Kolkata, Nov 20 (IANS) Women’s International Master Michelle Catherina upset overnight leader Soumya Swaminathan while Swati Ghate and Padmini Rout emerged joint leaders after the seventh round of the women’s national premier chess championship here on Friday. Swati and Padmini, who were on half a point behind Soumya on Thursday, moved to the pole position with comfortable victories.
With four rounds to go, the meet at the ICCR now is wide open as Swati and Padmini Ahave collected 5.5 points. PSPB’s Soumya now trail them by half a point. Bhakti Kulkarni and Pratyusha Bodda are in the joint third spot with 4.5 points apiece. A computer engineering student of Anna University, Chennai, Michelle, playing white, won two pawns in the centre in an accelerated dragon against Soumya.
The Tamil Nadu girl then thwarted Soumya’s attack and swapped her pieces to take the game into a winning king and pawn ending. Soumya played on for some time but could not stop the inevitable and resigned. Top seed and defending champion, Padmini of Odisha once against played a splendid game to outclass Tamil Nadu’s Varshini in a sicilian defence.
Padmini used her pawn as a decoy to keep her opponent occupied on the queenside and then effectively transferred her rook to the kingside to win a piece. LIC’s Swati faced little resistance from tail-ender Neha Singh of Bihar in a Ruy Lopez opening with black. She obtained two connected passed pawns on the queenside and nursed them to the seventh rank after which Neha threw in the towel.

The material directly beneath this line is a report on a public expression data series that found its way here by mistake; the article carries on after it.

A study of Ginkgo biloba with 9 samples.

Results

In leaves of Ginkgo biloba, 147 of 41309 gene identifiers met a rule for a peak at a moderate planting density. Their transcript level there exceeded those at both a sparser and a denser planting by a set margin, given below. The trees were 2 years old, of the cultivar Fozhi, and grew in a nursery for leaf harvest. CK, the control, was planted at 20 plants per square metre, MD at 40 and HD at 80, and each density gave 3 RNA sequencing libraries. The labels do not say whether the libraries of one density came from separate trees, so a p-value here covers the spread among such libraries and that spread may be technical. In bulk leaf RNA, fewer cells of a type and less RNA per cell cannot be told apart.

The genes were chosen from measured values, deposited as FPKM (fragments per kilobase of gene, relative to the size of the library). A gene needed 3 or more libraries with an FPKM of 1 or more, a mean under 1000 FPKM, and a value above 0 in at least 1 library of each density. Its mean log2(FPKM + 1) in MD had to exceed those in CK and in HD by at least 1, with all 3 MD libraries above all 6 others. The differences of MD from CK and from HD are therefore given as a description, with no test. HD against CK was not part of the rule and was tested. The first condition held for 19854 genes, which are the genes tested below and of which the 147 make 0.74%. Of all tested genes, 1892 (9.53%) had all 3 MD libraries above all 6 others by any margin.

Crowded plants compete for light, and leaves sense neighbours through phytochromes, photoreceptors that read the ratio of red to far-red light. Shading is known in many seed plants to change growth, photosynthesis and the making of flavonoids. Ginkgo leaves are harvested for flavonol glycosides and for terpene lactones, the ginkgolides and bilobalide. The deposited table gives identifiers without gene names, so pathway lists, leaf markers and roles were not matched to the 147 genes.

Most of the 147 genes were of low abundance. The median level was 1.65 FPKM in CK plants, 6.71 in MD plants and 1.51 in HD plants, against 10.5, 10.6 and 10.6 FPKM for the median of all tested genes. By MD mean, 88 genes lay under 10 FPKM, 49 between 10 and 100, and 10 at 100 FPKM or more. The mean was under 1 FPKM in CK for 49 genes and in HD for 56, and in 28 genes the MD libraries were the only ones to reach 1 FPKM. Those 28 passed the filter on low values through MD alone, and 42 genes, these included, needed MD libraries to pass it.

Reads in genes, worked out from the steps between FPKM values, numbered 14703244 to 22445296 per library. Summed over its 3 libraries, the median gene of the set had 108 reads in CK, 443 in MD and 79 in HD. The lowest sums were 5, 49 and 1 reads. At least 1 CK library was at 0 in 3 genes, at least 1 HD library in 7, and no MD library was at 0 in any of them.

IM and former national champion Tania Sachdev of Air India tried desperately to squeeze out a win from a sterile position against Andhra Pradesh lass Partyusha Bodda in a bishop ending in what was, so far, the longest game of the championship. After 124 moves, the rivals agreed on a draw as neither could make any headway.
World junior girls’ U-14 champion R. Vaishali of Tamil Nadu gave up her rook for bishop against Priyanka Nutakki of Andhra Pradesh for a central pawn advance in a Larsen’s opening. Vaishali had three connected pawns in the centre which Priyanka could not contain despite giving up a piece to stop it’s advance. Bhakti Kulkarni of Goa was fortunate to turn the tables on Tamil Nadu’s K. Priyanka as she blundered the exchange and at one time, was in a clearly inferior position. Priyanka not only misplayed the ending, but even allowed Bhakti to checkmate her on the last rank.